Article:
Welcoming Guests Among The Bears: Naomi Nicholson’s Tourism Dreams Come To Life
“The reason we explain who our family is is because we want to look for connections. Are we related? How are we related? The other part of always introducing yourself and where you're from is that's how we keep our oral traditions alive,” Naomi Nicholson explained. A self-described Ukrindian (Ukrainian and Indigenous) woman, she was born into Ahousaht First Nation, married into the Tseshaht First Nation. She’s a trailblazer who has triumphed over challenges and built a business she loves.
“Struggle Is a part of life. I think somewhere, we think that everything is going to be good and roses and we're not going to face adversity. That belief system is something that I want to say we have to change.”
“Growing upon the reserve, I learned how to be really quiet. I learned how to not expose too much of myself because we used to get picked on. I used to get beat up,” she recalled, reflecting on the discrimination she faced for being half Indigenous and half White.
“It seems really real and big at the time, but it will pass.”
The relationship choices her mother made were difficult for Nicholson and ultimately her mother left to be with a sex offender and domestic abuser. Her mother’s alcoholism also had an impact. “My father raised three very traumatized children,” Nicholson recounted.
To compensate, Nicholson’s father put the kids in sports, where they learned about teamwork, emotional self-regulation and dealing with disappointment. “We had a lot of very positive influence with sports. I would really credit that to me staying out of trouble, learning the work ethic and determination and what it takes to work as a team,” she reflected. Once they picked a sport they had to stick with it, even if they didn’t enjoy it.
“There's always going to be the sun. We need the rain and we also need the sun.”
They moved off reserve and Nicholson felt disconnected from her Ahousaht community. Through sports, she felt a sense of connection working towards a common goal. Her sport of choice was hockey. The first female hockey referee in Port Alberni, next nominated as the most promising official in BC, she got to referee in the winter games.
While she excelled at sports, she struggled in school with math and as a result never graduated. Berated by a racist teacher, she was called a “stupid Indian”, something she believed about herself until she met Jan Green, a special educator. Jan encouraged her to go back to school and told her she was a strong, beautiful woman.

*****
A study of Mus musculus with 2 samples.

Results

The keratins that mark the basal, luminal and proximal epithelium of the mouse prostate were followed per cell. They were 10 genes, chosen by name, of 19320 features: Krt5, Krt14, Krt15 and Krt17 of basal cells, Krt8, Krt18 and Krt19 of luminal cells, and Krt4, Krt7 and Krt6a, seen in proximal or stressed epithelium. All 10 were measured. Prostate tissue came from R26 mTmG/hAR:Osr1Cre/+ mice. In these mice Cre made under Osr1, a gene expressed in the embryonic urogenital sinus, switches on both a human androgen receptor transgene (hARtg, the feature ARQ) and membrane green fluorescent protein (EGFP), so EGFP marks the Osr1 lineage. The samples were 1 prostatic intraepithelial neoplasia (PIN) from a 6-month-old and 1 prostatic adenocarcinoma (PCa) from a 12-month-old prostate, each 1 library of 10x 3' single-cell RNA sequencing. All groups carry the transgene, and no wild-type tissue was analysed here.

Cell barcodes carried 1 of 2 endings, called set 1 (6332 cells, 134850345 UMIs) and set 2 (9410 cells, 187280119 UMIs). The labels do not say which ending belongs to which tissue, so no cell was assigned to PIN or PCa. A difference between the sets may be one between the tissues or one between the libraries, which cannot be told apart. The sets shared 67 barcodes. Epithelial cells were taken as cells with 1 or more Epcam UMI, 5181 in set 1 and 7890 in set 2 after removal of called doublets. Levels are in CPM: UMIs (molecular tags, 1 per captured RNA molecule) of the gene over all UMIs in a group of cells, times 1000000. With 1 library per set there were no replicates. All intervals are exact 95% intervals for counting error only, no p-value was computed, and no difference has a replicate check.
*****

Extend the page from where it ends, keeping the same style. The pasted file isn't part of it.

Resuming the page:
“All of this education it's building steps and you just don't know when you're gonna need it for some part in your life.”
She was finally able to pass math and continue on with her education, obtaining a recreation and sport management diploma and a Bachelor of Tourism Management from Vancouver Island University. Nicholson used what she learned to start her own wellness center which she’s operated for ten years. She provides holistic health advice, taught workshops and did shiatsu massage. She started and expanded a bed and breakfast with her husband.
“We do have the strength of our ancestors and of our aunties who will cheer us on to say, ‘you are a strong indigenous woman’.”
After nearly taking her own life, she faced racism in the hospital. She reflected on how much harder things are living life as an Indigenous person but also the resilience that comes with it. She went to university to be able to make enough money to leave a toxic relationship with a drug addicted Indigenous man. Nicholson did rehab with him where she learned about residential schools and learned how to forgive her mother. After moving on from her past, she was able to build a brighter future.
“Any education is good education. Nobody can take it away from you. You always own it. It's always going to be good for something.”
She learned in university and also from the teachings of Jack Canfield. Nicholson credits her success and pulling herself out of depression in part to the law of attraction “Right now I am wholly living my dream. I have a man who loves me. He's very stable. He understands my trauma and being insecure about him leaving me or addictions and alcohol. We built our dream home and we've expanded our business,” she beamed.
Through those teachings, Nicholson has found strength in quotes like “Whether you think you can, or you think you can't – you're right” and the idea “Whatever you believe, you receive.” “Sometimes the “how” to shows up after you've made the decision. And I'll say that again, the “how to” shows up after you've made the decision. So if you decide you want to go to school and you don't know how you're going to pay for it, something's going to happen,” she counselled.
Looking forward, she is planning to offer Indigenous tourism with seafood dinners and Indigenous paint nights. Her bed and breakfast is called Chims Guest House because there are bears who walk through the property. Chims means bear in Nuu-chah-nulth. Nicholson hopes to get back to teaching in person post-pandemic because she feels it keeps her healthy.
This “Ukrindian” trailblazer is a strong advocate for education, a tourism and wellness business owner and someone with an open door to anyone who wants to learn from her and be supported in their own story. After being raised on reserve, finding community on the ice, Naomi Nicholson has built a business on the land and found a love that helps sustain her.
Thanks to Alison Tedford for authoring this article.
Future Pathways Fireside Chats are a project of TakingITGlobal's Connected North Program.
Funding is generously provided by the RBC Foundation in support of RBC Future Launch, and the Government of Canada's Supports for Student Learning program.